Posted Feb 05, 2017
Owner and Lead Pro
Professional Cash game trainer Bart Hanson has been producing strategy content for over fifteen years. He first started on Live at the Bike! back in 2005, then moved on to host "Cash Plays" on Poker Road, then "Deuce Plays" on Deuces Cracked and then to CrushLivePoker in 2012.
In his career as a professional poker player, Bart Hanson has:
-6 WSOP Final Tables
-Over 15 years of experience at the table
-Over $1,000,000 in tournament earnings
-Multiple appearances on ESPN and Poker Night in America
-4th place finish in 2019 WSOP Monster Stack
Think about what you want to accomplish when you flop a pair and a... @CrushLivePoker
Think about what you want to accomplish when you flop a pair and a flush draw
It is interesting how different types of players take different lines with draws. Some guys play them incredibly fast, pounding money into the pot whenever they have at least nine outs. Others take a more passive route and just call until they make their hand. Just like anything in poker one size does not fit all. In these situations it really depends on the board texture, stack sizes, position, fold equity etc. to figure out the most profitable approach to playing a draw.
One interesting scenario to examine where taking a passive or aggressive line may both be correct is specifically having a pair and a flush draw. In some situations you can really drive the hand for maximum fold equity especially if the board is raggedy and you do not think that a preflop raiser can take a lot of heat. In other situations, however, it may be perfectly correct to check and call as you may not have the fold equity needed to make an aggressive play profitable or more importantly you might be in a way ahead way behind scenario.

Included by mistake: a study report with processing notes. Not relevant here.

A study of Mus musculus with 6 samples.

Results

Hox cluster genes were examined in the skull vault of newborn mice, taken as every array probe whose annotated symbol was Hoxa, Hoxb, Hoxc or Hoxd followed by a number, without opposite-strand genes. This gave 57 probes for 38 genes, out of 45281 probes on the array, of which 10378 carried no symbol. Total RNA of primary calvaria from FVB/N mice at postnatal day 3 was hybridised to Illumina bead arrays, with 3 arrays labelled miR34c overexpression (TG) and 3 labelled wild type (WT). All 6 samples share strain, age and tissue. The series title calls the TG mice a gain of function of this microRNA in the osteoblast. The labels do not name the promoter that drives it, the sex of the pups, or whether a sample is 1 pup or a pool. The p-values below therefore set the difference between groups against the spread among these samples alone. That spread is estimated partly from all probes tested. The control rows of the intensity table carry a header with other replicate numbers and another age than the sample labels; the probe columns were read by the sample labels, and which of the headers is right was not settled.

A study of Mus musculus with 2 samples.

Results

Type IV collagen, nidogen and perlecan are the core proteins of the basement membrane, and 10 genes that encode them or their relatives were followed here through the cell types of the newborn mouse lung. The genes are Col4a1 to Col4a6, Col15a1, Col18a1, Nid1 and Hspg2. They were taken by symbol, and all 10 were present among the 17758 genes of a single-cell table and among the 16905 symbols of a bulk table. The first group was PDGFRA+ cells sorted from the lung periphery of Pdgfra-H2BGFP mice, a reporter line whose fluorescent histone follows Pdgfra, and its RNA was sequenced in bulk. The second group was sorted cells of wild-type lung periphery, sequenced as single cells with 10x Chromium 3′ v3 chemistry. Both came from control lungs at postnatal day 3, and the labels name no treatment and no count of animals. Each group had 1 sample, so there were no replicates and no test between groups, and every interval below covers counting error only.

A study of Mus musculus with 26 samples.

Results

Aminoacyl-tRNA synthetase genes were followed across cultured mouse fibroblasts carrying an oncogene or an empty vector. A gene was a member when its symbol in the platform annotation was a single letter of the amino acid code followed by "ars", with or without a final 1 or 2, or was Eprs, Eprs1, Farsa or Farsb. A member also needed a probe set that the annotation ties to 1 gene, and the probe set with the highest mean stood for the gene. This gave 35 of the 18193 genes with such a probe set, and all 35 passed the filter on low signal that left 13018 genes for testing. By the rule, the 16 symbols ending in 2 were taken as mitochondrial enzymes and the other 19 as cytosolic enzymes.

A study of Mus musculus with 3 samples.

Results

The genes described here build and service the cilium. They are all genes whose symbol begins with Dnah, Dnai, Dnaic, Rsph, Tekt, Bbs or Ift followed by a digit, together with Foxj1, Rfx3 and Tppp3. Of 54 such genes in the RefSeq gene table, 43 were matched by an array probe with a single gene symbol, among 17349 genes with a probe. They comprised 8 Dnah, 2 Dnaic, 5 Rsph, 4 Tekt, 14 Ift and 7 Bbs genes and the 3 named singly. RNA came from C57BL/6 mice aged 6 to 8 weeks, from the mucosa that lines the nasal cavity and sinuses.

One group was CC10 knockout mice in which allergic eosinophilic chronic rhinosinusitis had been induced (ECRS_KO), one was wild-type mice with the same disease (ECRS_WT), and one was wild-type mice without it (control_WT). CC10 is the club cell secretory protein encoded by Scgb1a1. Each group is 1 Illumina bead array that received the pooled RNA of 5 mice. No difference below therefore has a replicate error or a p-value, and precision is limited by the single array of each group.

I played in one of these situations a few days ago at the Commerce casino in Los Angeles. The game was $5-$10 and my opponent was playing extremely aggressively preflop but had little awareness postflop similar to a lot of out of town players that come through during the major tournament series, the LAPC. In this hand I called a solid player’s open from middle position in the small blind with K♣ Q♣. to $40, $2000 effective. The villain in the hand was in the big blind and he reraised to $185. The original raiser quickly folded and I decided to call. This was something I rarely did in the past with a hand like K♣ Q♣ but I had noticed that the player in the big blind was incredibly wide in his preflop action and he did not play well post flop. I also thought I had decent immediate equity versus his three betting range.
The flop came out pretty strong for me in the form of A♣ K♦ 5♣ giving me middle pair and a flush draw. Now, some of us might think that this is an absolute monster flop as we have fourteen outs to improve to better than one pair. A lot of guys would play for “stacks” here wanting to get all the money in on the flop. However, if we do an examination of this board texture is fastplaying this draw really the right play? I also want to mention the fact that I did not think that this particular villain was capable of folding top pair as I had seen him make some really poor calls earlier in the session.
Let us examine all of the options. If he had nothing and we went for a check raise, he simply would have folded. If he had at least an ace he would definitely call our raise. If he had nothing we would have such a hammer lock on the hand we would not want him to fold. And if he actually had a legitimate hand like AK+ we may fair to get reriased on the flop. Following this logic I was happy to just call his $150 bet.
The turn brought out the 3♥ giving me no help. I checked again and this time he bet larger, $375, which I called. The river fell an off suit 9♦ and at this point I hoped that would check giving up on a bluff. Unfortunately for me he did not oblige and bet $800. I decided to fold. He then triumphantly tabled AA for top set.
I was pretty pleased that I realized that this was not the type of board to go crazy versus a three betting range with my pair and flush draw. If the board had come out 567♠♠ and I had had A♠6♠, especially against a single raise preflop I would have played a pair and a flush draw much more fast as the board would have favored to hit my range and would have put maximum pressure on an overpair. But here, as you can see, not all pair plus flush draws are equal.